Subsidizing electric vehicles inefficient way to reduce CO2 emissions: study

Posted: June 23, 2017 by oldbrew in Emissions, ideology, Travel
Tags: ,

Image credit: thedrive.com


Yet another supposedly ‘climate-friendly’ policy gets called into question as Phys.org reports. ‘Costs a fortune’ and ‘has little effect’ are two of the criticisms.

Subsidizing the purchase of electric cars in Canada is an inefficient way to reduce greenhouse gas emissions that is not cost effective, according to a Montreal Economic Institute study released Thursday.

“It’s just a waste,” said Germain Belzile, one of the authors of the study, which examined electric vehicle subsidies offered by Canada’s two biggest provinces Ontario and Quebec, which can rise to as much as a third of a vehicle’s purchase price, depending on the model. “Not only do these programs cost taxpayers a fortune, but they also have little effect on GHG emissions,” he said.

The government of Quebec has set a goal of having one million electric and hybrid vehicles on its roads by 2030, up from 6,000 currently. Ontario has the same objective.


On this basis, said Belzile, carbon emissions would fall by about 3.6 percent in Quebec and 2.4 percent in Ontario. The two provinces have said they aim to reduce CO2 emissions by about 37 percent by 2030, from 1990 levels.

Quebec is offering rebates of up to Can$8,000 for the purchase of new electric or rechargeable hybrid cars—which are significantly more expensive than their gas-guzzling counterparts—while Ontario is offering to refund Can$14,000 of the purchase price.

The study estimates that these subsidies cost taxpayers Can$523 per tonne of GHG not emitted in Ontario and Can$288 in Quebec.By comparison, a cap and trade system for big polluters in Quebec and the US state of California, which Ontario is due to join soon, costs a mere Can$18 per tonne.

In subsidizing electric vehicle purchases, Ontario and Quebec end up spending up to 29 times and 16 times, respectively, the carbon market price for each tonne of GHGs eliminated.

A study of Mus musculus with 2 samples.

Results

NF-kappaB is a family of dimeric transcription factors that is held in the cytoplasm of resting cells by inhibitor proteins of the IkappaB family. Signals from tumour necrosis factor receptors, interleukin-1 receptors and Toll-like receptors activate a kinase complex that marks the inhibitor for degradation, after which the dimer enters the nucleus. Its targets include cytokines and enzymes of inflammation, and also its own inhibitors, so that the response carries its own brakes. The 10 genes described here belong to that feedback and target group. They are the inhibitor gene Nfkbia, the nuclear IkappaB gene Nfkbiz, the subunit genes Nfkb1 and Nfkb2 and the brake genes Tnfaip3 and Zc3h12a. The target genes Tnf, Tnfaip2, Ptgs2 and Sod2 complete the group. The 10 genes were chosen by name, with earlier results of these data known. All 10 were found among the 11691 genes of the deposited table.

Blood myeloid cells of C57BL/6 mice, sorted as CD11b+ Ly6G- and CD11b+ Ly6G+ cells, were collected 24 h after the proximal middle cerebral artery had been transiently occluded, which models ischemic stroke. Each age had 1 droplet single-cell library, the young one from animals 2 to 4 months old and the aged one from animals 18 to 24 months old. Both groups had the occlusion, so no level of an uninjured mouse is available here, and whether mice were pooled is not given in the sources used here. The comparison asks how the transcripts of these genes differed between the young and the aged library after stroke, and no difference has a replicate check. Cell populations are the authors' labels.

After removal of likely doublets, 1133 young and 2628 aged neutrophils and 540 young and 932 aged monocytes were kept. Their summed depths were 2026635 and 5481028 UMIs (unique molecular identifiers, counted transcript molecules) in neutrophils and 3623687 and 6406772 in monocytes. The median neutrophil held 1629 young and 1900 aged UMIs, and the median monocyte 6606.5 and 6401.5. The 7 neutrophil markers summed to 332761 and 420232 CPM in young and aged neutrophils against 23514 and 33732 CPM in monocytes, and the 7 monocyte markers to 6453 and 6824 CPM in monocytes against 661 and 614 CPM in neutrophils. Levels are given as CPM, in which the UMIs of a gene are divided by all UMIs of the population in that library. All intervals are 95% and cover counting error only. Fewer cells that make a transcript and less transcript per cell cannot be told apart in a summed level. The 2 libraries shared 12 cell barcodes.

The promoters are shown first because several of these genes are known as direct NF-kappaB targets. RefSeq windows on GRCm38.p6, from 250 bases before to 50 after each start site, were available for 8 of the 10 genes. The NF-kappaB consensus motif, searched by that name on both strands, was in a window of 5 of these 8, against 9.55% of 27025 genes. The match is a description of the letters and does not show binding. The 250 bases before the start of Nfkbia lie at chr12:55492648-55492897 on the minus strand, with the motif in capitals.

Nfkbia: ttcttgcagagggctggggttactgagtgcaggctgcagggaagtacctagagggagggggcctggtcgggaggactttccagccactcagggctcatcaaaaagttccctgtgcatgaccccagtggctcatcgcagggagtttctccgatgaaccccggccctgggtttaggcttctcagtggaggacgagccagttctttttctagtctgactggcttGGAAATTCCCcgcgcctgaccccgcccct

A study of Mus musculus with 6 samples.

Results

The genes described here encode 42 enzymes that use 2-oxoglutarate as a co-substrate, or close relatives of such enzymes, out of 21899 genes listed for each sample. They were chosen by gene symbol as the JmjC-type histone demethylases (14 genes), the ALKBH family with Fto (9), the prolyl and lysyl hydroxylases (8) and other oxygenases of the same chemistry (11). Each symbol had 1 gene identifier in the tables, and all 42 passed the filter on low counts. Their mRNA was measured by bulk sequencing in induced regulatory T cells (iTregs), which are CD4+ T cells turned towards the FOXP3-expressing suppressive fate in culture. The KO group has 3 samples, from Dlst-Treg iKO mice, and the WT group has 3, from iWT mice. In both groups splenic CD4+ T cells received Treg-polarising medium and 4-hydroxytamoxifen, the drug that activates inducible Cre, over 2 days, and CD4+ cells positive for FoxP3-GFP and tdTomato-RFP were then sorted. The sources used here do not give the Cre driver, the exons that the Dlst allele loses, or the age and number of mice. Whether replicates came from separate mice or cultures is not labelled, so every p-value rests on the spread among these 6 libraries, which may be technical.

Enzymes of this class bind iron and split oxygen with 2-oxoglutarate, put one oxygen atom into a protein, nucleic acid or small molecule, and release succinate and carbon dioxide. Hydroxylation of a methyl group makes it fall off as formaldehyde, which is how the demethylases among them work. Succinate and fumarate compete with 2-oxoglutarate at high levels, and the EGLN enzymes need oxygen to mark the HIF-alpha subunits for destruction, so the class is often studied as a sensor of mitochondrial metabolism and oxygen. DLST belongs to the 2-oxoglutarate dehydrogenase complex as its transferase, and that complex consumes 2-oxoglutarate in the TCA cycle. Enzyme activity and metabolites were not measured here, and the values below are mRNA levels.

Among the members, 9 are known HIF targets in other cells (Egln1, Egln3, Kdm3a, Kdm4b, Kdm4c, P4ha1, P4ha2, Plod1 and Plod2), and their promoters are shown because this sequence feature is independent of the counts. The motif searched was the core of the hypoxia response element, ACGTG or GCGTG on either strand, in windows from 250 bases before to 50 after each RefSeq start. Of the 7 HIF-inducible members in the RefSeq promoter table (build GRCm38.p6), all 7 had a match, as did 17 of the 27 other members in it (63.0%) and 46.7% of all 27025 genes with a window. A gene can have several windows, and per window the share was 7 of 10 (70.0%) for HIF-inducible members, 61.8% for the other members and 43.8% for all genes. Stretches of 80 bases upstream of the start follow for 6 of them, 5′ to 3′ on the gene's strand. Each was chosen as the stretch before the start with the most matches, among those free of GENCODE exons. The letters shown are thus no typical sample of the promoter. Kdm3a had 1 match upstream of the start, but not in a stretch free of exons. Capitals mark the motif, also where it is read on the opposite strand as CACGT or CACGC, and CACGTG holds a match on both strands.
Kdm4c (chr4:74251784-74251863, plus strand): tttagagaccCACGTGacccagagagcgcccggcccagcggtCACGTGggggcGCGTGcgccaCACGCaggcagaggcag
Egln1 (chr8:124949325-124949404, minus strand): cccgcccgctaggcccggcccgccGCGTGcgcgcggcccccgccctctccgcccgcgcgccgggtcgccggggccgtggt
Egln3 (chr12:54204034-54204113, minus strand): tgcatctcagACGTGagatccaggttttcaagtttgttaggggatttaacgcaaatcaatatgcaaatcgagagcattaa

“Common sense, both economically and ecologically speaking, argues in favor of reducing these subsidies, and even eliminating them,” the study concludes.

Source: Subsidizing electric vehicles inefficient way to reduce CO2 emissions: study | Phys.org

Comments
  1. Tim Hammond says:

    Does anybody know of a subsidy scheme that actually worked?

    Surely the vast majority (if not virtually all) fail? Why is this so hard to understand for politicians and pressure groups?

  2. oldbrew says:

    Subsidising relatively well-off people to buy things they don’t need is a strange concept.

    As is passing the cost of the subsidy to the general public regardless of financial status.

  3. stewgreen says:

    “as Phys.org reports.”
    No, I think is not a journal it’s just an automatic tool that harvest existing web stories and packs adverts around them
    Actual source is http://www.iedm.org/71213-electric-vehicle-subsidies-expensive-and-ineffective
    And quoted PDF
    http://www.iedm.org/files/note0417_en.pdf

  4. StewGreen says:

    Subsidy schemes should by law have 2 year cost/benefit auditing.

  5. oldbrew says:

    Denmark Plug-In Vehicles Sales Tank As Subsidies Vanish

    Sales in the first quarter of this year (2017) decreased by 60.5%, while the average inside the European Union increased by 30%, including a 80% gain in Sweden (“thanks to a wide range of subsidies, including a five-year tax break and a 40,000 kronor ($4,600) purchase premium”).

    The cause of all those changes? The import tax of 180%, from which plug-ins were originally exempted.

    http://insideevs.com/denmark-electric-car-sales-tank-as-subsidies-vanish/

    Speaks for itself. Any selective subsidy is a financial burden somewhere along the line for non-beneficiaries.